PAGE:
Originally Posted by kaman
I'm onto my third season with my honwave 35ae and can't fault it.
I am able to weld and fabricate metal and have made various accessories for the honwave, including trailer fish finder brackets and rod holders.
I have a tohatsu 2011 20 HP 4 stroke and a Suzuki 2011 2.5hp.
I have been getting more adventurous lately and feel that I need an auxiliary engine queue the addition of the Suzuki as backup.
The transom is too narrow to mount both at once so I'm currently working on a metal bracket to mount the Suzuki on the outside of the tubes.
I have gleaned a lot of good ideas over the past few years from this site and some from my own imagination.
Once the weather picks up and the honwave comes out of hibernation I will post photos of the honwave and the add ons should they be of any benefit to fellow sibbers.
With the best will in the world one may think that they can assemble these boats and add heavy engines to them at the waters edge, as time progresses you get hacked off inflating, assembling deflating packing unpacking washing and repacking.
Most people will move onto transom wheels and alas the dreaded trailer!!!
Further to my original post I would like to add......... when the sea turns rough its always good to have a big engine to push against strong tides and big waves.
I had a Plastimo 3.3 with Johnson 2.5HP for three years prior to acquiring the Honwave three years ago. This set up never let me down. In rough strong tidal conditions it was slow returning to port, but I doubt I would have wanted to go much faster at times, nevertheless an extra bit of ooomph would not have gone amiss should it be required.
Last summer I foolishly ran out of petrol four hundred yards from port. Unfortunately for me and my old man there was a strong tide receeding out from to sea. Coupled with a wind blowing from shore out to sea we were unable to row against the tide/wind for even 400yards.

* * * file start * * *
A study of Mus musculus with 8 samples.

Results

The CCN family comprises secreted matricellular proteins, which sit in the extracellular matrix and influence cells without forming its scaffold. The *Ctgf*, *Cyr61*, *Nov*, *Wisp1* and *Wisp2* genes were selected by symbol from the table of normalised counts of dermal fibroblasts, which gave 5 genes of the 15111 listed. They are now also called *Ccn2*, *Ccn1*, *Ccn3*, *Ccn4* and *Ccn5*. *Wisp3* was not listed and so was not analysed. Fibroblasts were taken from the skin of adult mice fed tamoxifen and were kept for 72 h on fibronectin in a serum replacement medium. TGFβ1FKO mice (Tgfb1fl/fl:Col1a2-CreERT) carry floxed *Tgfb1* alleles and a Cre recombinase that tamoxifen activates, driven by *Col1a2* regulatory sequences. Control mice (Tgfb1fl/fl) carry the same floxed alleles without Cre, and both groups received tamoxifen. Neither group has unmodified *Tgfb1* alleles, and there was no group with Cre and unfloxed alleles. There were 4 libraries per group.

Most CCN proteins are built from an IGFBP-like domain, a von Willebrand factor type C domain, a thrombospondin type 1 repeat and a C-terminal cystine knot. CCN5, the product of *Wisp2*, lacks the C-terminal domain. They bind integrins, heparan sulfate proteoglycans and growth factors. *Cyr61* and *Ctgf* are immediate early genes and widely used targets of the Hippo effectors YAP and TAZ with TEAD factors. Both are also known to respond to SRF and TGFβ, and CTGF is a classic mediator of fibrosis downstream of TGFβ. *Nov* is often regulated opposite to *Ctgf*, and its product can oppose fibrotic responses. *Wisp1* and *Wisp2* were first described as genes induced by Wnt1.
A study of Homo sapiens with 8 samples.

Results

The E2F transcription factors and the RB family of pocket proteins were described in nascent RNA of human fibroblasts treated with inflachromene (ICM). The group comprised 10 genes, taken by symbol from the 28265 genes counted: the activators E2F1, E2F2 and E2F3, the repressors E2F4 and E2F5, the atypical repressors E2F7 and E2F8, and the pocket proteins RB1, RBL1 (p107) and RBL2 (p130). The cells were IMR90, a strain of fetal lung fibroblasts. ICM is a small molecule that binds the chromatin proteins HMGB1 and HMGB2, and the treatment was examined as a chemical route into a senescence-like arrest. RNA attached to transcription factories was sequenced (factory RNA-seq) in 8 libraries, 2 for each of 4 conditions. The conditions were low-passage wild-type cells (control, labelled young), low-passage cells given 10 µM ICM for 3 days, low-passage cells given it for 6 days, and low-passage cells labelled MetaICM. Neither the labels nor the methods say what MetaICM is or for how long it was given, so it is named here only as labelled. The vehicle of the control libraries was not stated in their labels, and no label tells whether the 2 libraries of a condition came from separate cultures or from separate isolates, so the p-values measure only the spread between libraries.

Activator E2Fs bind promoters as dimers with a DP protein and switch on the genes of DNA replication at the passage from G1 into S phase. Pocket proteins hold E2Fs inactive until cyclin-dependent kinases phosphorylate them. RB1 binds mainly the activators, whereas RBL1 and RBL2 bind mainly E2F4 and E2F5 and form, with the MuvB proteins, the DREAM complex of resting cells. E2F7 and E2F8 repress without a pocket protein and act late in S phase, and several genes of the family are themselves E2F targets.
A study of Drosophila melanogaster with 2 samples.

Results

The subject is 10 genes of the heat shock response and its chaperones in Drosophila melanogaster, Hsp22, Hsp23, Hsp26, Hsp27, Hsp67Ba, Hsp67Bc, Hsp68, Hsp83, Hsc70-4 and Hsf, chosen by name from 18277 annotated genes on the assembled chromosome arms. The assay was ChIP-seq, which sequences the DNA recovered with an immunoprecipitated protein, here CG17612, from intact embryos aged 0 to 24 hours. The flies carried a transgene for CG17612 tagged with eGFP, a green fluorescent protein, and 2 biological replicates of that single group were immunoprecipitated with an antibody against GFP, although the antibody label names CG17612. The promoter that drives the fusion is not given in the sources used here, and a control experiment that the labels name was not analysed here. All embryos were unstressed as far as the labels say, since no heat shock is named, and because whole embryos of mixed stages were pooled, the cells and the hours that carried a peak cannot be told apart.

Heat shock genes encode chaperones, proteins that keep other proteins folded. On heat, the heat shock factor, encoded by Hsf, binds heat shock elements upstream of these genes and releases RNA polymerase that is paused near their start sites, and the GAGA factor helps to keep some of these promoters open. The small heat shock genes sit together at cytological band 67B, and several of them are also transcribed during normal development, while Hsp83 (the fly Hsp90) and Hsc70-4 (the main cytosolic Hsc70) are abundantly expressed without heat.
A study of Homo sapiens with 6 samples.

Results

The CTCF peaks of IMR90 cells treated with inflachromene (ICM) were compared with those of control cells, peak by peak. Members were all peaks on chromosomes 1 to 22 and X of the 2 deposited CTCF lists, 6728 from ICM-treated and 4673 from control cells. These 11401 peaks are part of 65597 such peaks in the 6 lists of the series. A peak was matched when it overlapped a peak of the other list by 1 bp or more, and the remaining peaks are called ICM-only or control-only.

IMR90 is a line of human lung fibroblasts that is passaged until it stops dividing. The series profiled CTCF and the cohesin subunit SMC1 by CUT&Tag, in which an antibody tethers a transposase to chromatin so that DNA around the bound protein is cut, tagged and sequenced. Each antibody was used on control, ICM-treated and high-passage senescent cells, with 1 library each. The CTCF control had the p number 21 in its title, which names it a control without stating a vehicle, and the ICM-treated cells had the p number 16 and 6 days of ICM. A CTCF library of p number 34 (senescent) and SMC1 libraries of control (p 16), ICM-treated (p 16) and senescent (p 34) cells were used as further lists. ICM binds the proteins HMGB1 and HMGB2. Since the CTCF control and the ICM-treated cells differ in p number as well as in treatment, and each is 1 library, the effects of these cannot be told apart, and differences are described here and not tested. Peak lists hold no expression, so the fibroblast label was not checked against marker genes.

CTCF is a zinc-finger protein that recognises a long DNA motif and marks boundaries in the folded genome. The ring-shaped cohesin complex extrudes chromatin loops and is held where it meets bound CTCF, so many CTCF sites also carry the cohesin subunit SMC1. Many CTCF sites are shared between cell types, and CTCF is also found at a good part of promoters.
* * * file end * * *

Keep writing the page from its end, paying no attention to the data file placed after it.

I got out the spare petrol can and began filling/priming the tank/engine. It took afew minutes or so to get the engine up and running. Despite the fact that my old boy was rowing furiously against the elements we drifted quarter of a mile out to sea!
I carry flares and a vhf radio and wear self righting life jackets etc etc.
This outlined to me that a set of oars is not a back up system of propulsion for all conditions.
In many instances the elements will not conspire against so much and you will be able to row ashore to safety without calling mayday!
I have used my 2.5HP Suzuki as the main engine on my Honwave 35ae and it really toiled on one occasion against a strong refeeding tide at the Mull of Gallowa. This area is renowned for strong tidal surges. Nevertheless it pushed through it and got me to port. Therefore I see thus as the minimum back up that I would be happy going to see with on my SIB.
This highlighted to me the need for an auxiliary engine regardless of how far from shore you are going!
Once i have fabricated my auxiliary engine mount I will post pictures.